Some very thoughtful comments from a fellow blogger prompted this post…thanks, Jennifer!
And in responding to her, I recalled meetings I had several years ago with a pastor at our church. He had referred to his battles with depression in several sermons, and I felt very safe sharing my struggles and seeking his wisdom and prayers on many occasions. We talked about being Christians with mental illness. We discussed depression as a result of sin in the world, not necessarily due to a specific sin in one’s life. He reminded me that this battle against depression has a spiritual component, and that I should daily prepare myself with the armor of God (Ephesians 6).
I still remember my reaction when he told me to pray for healing. I was shocked! Not at his comment, but at myself. I realized that somewhere over the recent years, I had resigned myself to living with depression, and had stopped asking God to heal me. Instead, I had focused my prayers and energies that He would use my depression to share hope with others who struggle, especially with other Christians. But why had I stopped asking for healing?
Sitting in Pastor’s office, I realized that I had given up hope of being healed. Don’t get me wrong – I know that in heaven there will be no depression; I will eventually be healed. (“And God will wipe away every tear from their eyes.” Revelation 7:17, NIV) But I had accepted that I will have depression for the rest of my lifetime on this earth, and so I had stopped asking God to take it away.
Maybe I was thinking of Paul’s “thorn” (2 Corinthians 12:7b-10) and that he had asked God to remove it – three times! – and God had responded with “My grace is sufficient for you.” In other words, “No. I will use this ‘weakness’ in your life to show My strength.” I don’t think Paul told us he asked three times as a magic number, and Scripture doesn’t say he asked, it says he pleaded. Implored. Begged. But still God said “No.” I thought, “Well, I’ve asked many times and it hasn’t happened, so I’ll just accept it and ask God to show His strength through my depression.”
But unlike Paul, I haven’t been told by God to stop asking. Instead, the Bible encourages me to be more like the woman who showed persistence in repeatedly asking the judge for justice (Luke 18:1-8). Keep asking. But keep working. Keep letting God use the depressions and remissions in my life to encourage others. “so that we can comfort those in any trouble with the comfort we ourselves receive from God.” 2 Corinthians 1:4b, NIV. But keep asking for healing too.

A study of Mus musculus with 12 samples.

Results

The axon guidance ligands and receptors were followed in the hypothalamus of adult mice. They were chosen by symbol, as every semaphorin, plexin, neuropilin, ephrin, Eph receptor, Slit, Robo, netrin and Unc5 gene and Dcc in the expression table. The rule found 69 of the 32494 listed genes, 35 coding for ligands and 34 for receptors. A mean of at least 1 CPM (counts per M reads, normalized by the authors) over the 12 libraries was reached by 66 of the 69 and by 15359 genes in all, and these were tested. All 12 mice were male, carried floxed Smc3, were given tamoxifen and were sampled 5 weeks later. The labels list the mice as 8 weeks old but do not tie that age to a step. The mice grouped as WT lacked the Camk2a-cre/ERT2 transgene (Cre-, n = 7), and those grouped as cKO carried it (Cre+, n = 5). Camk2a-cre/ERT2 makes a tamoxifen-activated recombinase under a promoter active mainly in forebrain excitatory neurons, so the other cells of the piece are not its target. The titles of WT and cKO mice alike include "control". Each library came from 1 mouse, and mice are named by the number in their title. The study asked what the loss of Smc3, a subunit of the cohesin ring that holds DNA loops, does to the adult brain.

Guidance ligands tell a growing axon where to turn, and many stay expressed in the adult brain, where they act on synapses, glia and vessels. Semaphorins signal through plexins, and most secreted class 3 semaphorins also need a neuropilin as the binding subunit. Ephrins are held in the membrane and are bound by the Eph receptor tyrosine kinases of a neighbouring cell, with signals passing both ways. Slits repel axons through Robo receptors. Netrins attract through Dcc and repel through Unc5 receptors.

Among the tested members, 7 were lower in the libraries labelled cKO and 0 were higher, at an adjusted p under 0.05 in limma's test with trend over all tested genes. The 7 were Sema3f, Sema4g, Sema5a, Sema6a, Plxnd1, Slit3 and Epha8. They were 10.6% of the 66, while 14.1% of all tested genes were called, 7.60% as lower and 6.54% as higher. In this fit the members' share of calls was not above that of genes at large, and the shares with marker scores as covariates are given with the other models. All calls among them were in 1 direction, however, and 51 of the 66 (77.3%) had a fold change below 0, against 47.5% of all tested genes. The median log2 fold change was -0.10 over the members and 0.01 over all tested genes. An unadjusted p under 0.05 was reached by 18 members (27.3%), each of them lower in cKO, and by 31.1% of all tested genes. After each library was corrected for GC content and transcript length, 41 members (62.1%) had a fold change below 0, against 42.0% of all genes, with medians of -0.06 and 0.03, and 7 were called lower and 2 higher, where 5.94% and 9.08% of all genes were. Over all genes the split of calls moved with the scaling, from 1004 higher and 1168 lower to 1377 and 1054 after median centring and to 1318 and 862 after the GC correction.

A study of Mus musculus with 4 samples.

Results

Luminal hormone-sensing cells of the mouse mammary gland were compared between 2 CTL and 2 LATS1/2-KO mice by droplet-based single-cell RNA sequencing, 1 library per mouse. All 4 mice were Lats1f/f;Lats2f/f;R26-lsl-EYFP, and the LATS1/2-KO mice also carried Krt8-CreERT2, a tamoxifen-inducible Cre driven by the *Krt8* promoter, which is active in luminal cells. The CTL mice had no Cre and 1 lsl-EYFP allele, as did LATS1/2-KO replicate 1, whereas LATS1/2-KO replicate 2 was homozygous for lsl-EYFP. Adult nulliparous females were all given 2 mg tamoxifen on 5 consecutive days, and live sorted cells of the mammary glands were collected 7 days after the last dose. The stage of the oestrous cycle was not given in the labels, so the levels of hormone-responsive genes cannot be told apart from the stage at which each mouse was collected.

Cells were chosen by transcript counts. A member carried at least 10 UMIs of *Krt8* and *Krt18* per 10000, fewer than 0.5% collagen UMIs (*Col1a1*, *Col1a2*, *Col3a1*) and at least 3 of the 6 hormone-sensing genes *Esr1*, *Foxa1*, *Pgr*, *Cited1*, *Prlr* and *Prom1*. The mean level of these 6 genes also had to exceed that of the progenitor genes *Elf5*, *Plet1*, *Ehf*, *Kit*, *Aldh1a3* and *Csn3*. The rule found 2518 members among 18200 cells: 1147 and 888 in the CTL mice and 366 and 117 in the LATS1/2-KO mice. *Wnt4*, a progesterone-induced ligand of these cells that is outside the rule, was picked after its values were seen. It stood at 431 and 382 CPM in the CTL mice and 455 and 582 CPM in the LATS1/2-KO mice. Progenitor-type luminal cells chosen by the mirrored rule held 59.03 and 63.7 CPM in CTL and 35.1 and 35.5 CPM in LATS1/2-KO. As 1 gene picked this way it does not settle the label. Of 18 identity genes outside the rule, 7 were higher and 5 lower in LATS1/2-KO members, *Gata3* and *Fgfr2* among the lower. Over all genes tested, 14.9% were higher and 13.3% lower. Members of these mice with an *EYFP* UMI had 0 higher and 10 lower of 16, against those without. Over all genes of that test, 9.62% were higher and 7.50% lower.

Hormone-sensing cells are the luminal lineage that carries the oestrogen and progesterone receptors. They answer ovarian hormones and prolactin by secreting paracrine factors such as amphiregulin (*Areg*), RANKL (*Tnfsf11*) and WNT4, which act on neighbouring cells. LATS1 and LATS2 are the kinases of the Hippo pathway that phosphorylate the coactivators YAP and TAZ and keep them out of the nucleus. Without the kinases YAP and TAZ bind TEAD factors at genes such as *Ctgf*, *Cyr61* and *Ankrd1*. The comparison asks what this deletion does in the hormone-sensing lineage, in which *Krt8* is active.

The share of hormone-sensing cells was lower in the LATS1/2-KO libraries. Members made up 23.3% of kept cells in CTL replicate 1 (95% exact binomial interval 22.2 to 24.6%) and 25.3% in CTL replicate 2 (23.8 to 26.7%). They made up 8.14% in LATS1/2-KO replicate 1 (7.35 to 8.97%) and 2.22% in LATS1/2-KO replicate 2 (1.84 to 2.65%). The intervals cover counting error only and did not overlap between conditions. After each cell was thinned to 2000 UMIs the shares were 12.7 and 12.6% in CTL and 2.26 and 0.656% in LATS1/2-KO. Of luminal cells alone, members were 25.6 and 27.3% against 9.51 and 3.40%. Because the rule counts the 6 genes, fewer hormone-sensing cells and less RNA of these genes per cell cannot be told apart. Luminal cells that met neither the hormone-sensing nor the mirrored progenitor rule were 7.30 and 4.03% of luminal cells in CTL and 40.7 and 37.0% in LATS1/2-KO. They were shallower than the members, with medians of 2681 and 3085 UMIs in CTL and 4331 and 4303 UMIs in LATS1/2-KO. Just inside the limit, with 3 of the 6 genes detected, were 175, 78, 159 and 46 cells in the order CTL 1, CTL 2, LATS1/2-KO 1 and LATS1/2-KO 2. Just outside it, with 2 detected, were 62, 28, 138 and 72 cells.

I also remember the end of a meeting with my pastor. He laid his hands on me and prayed that God would take the depression away from my life. I prayed and cried silently, completely agreeing, with hope that God would answer “Yes,” and the depression would be gone. Pastor ended that prayer with Romans 15:13, NIV, “May the God of hope fill you with all joy and peace as you trust in him, so that you may overflow with hope by the power of the Holy Spirit.” – the verse that keeps showing up over the years of my depressions. When he finished praying, I told him of the significance of that verse, and we agreed that it is my life verse, that I am to trust God, because the rest of the verse’s action comes from Him.
I’ve seen prayer heal depression. I’ve prayed with others for a woman whose depression went away that afternoon. I’ve had people pray the same for me, and I’ve felt the relief and comfort of my needs and concerns being given to God. My depression has not gone away. I still move in and out of depression and remission. But the verse remains the same. So I pray that I’ll trust God, be filled with His joy and peace, and overflow with hope. Certainly not of my own doing, but supernaturally, through God, Jesus, and the Holy Spirit.
I don’t think that asking for personal healing and serving God from a place of brokenness are mutually exclusive. There can be – should be – both. I think this is what my pastor was trying to tell me.